Arts & Life

I tried sensory deprivation and didn’t freak out

And we’ll all float on alright
Already we’ll all float on alright
Don’t worry even if things end up a bit too heavy
We’ll all float on alright.
– Modest Mouse “Float On”

I bought a three pack of floats, as they’re called, with the idea that it would be a bonding experience for my mom, sister and I. I can’t think of a better way for three women to bond than by being in sound-proof, light-proof tanks filled with salty water, in completely separate rooms. When I casually broached the subject over dinner, careful not to give away my plan, my mother responded with “that sounds like my nightmare.” Fair enough.

I should back up, though.

While I’m not always the biggest fan of the term ‘self care’ — I feel like it’s privileged and has been co-opted by well-meaning people, thrown in with the quinoa, kale, crystals and yoga — I do know it’s important to do things for yourself. Life, whatever it looks like for you, can get a bit much at times, and it’s important to do something to make things okay. So, in the immortal words of Tom Haverford and Donna Meagle, I had a Treat Yo Self! day.

While I wanted to try something new, I am cynically optimistic about trying new, or ‘new wave’-type things in the name of self improvement or self care. I think they’re great, and there’s merit to them, but please don’t tell me I “have to try this awesome new thing, ’cause it’ll change my life!” Often, I find what is new to us is really something that’s been around for a really long time, and we’re just late to the game. A couple of float therapy places had recently opened up, so, in the name of being open-minded and deliberately doing something for myself, I decided to look into floating.

Prior to this decision, what I knew about sensory deprivation came from the movie Altered States and an episode of the Simpsons. Also, I knew that Joe Rogan was a big fan; he has two tanks at home, and speaks about the benefits of floating often. On the most basic level, the idea behind floating (or sensory deprivation, or R.E.S.T: Restricted Environmental Stimulation Technique) is that by removing all external stimuli, your body and brain are able to calm down and just be. They’re not forced to deal with the onslaught of stuff our senses have to deal with on a daily basis. This happens by creating an environment that is light proof and sound proof, and where you float in heavily salinated (there’s 850 pounds of Epsom salts per tank, and the tank has ten inches of water) skin temperature water. In other words, I had an opportunity to close myself into a pitch black tank and float in salty water? Sign me up!

Before going for the float, I read the FAQ section on Float.calm’s website: each pod is in its own room; yes, you can be naked; you should eat a little bit about an hour before floating; don’t shave for a couple days before (salt stings); and don’t drink caffeinated drinks because they could mess with your ability to chill out.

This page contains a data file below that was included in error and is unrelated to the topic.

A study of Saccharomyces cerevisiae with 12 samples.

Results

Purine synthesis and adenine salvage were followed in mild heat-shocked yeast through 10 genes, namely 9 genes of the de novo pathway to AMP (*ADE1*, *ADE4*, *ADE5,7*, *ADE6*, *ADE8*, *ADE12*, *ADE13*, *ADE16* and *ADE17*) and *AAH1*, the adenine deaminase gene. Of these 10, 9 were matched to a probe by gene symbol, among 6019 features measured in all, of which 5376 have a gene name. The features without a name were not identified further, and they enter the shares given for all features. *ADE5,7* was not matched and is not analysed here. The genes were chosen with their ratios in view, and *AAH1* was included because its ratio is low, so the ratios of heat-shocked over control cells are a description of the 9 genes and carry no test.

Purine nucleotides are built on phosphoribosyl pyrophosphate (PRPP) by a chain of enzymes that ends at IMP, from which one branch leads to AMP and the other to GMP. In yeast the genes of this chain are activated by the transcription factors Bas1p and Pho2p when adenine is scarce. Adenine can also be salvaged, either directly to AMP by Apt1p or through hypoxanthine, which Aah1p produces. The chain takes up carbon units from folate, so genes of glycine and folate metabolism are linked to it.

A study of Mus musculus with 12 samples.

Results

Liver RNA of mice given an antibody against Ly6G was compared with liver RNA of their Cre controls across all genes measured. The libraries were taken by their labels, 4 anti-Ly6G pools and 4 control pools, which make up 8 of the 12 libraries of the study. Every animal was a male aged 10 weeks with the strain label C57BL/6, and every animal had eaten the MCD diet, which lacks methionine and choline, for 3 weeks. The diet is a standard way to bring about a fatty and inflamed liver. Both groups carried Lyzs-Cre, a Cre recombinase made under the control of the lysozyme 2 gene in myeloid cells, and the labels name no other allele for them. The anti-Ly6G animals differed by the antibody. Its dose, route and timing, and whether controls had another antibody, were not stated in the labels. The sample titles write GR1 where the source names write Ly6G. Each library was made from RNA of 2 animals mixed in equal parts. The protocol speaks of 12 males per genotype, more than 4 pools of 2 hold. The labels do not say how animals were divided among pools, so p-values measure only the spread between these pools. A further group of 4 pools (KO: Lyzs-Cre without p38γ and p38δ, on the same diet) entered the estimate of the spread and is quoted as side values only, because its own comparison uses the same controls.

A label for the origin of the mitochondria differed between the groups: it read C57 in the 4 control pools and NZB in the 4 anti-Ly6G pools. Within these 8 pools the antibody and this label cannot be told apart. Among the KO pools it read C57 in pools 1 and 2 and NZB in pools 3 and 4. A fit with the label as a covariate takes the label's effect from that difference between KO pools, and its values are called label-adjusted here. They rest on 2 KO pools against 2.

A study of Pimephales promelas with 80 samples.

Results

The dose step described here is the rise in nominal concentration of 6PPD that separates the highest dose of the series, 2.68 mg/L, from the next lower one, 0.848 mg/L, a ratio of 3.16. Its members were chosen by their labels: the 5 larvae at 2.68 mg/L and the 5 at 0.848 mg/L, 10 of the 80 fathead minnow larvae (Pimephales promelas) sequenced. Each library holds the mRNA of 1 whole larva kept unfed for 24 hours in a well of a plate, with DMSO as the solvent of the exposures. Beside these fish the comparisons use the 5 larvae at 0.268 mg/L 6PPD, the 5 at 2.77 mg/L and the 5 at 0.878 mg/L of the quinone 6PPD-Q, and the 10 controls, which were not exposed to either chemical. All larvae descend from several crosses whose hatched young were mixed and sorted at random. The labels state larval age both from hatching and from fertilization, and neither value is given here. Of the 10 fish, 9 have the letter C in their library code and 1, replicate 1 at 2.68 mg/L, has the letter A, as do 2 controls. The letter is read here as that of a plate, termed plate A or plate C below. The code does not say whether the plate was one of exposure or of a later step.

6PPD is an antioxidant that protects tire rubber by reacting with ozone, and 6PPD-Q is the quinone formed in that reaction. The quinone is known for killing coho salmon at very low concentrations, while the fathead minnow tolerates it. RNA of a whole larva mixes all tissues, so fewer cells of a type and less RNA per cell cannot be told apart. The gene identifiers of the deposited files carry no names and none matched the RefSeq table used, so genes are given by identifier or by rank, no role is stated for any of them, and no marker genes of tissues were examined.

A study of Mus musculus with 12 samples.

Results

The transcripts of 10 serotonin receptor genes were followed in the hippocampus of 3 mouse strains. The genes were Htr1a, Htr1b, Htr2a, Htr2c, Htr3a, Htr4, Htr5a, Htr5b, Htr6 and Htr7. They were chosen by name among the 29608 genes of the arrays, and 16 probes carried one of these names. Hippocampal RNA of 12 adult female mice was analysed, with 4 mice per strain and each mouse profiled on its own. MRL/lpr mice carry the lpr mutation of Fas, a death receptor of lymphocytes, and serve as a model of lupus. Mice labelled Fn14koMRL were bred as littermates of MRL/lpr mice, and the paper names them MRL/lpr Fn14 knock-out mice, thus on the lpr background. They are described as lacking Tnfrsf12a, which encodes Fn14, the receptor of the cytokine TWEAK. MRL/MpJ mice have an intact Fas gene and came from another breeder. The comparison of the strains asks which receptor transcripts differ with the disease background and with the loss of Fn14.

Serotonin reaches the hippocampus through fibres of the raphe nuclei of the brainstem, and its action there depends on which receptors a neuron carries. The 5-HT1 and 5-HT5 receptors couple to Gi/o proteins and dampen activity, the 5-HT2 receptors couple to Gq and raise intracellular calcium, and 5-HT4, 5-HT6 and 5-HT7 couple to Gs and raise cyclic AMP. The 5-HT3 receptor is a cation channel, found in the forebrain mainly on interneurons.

My sister and I arrived, and waited in the lobby. There was tea, a journal and on the wall were messages from other floaters (I feel weird even writing that) describing their experiences. No one said they had had a complete emotional freak-out, so that was positive. Going in I had that kind of nervous excitement I get before a date, or a job interview. I wasn’t sure what to expect, but I wanted whatever was going to happen to be good. I also had nagging feelings of what happens if I can’t shut off? What happens if nothing happens? What happens if I freak out? The woman who showed us the tank and went through what to do was great, and made it clear that this was our experience, and if it wasn’t going well, we could always get out.

“See you on the other side,” my sister joked as she went to her room.

tank w closed door
Sensory deprivation tank

When you get in the tank and close the door, it’s a really weird sensation because it’s so dark you can’t tell if your eyes are open or closed. As you lie down and start to float, you do something called ping ponging — you swish from side to side in the tank. To stop this, you starfish. Yup, you spread your limbs out and slowly bring them in to where they feel comfortable. And then, you just float. At first, my internal dialogue was yammering away, and then all of a sudden it wasn’t. I had a couple crazy body tremors, the ones you (may) have right before you fall asleep, where it feels like you’re falling. The fact that you have ear plugs in means your heartbeat and breathing are amplified, which give you something to focus on. Sessions are ninety minutes, which may seem like they would be too long, but they’re over before you know it. I have no idea how long it took me, but I got to that point that you experience right before you fall asleep: you’re aware of what’s going on but you’re so relaxed you don’t care. And then, just like that, music gradually made its way in, and gently brought me back.

I didn’t hallucinate. I didn’t freak out. I felt amazing.

I felt like I had just woken up from the best sleep of my life, or had just had really great sex; I felt like I was gliding through the menial tasks of getting showered and dressed. My sister, while less verbose than me, said she felt good. I was in a fantastic mood, and I felt like I had been reset in some way.  Both times I’ve gone I’ve left with this feeling, and it’s lasted for days.

Floating isn’t the cheapest thing out there to do for yourself — a single float is $69 — but there are promos and packs that make it more affordable. In one of his podcast episodes, Joe Rogan says that consciousness is like an onion, and the more you float, the more you peel the onion. So, here’s to peeling that onion, one float at a time.


Sara is in a committed relationship with Winnipeg. They fight, and sometimes need to take a break, but they always come back to each other. You can follow her on twitter.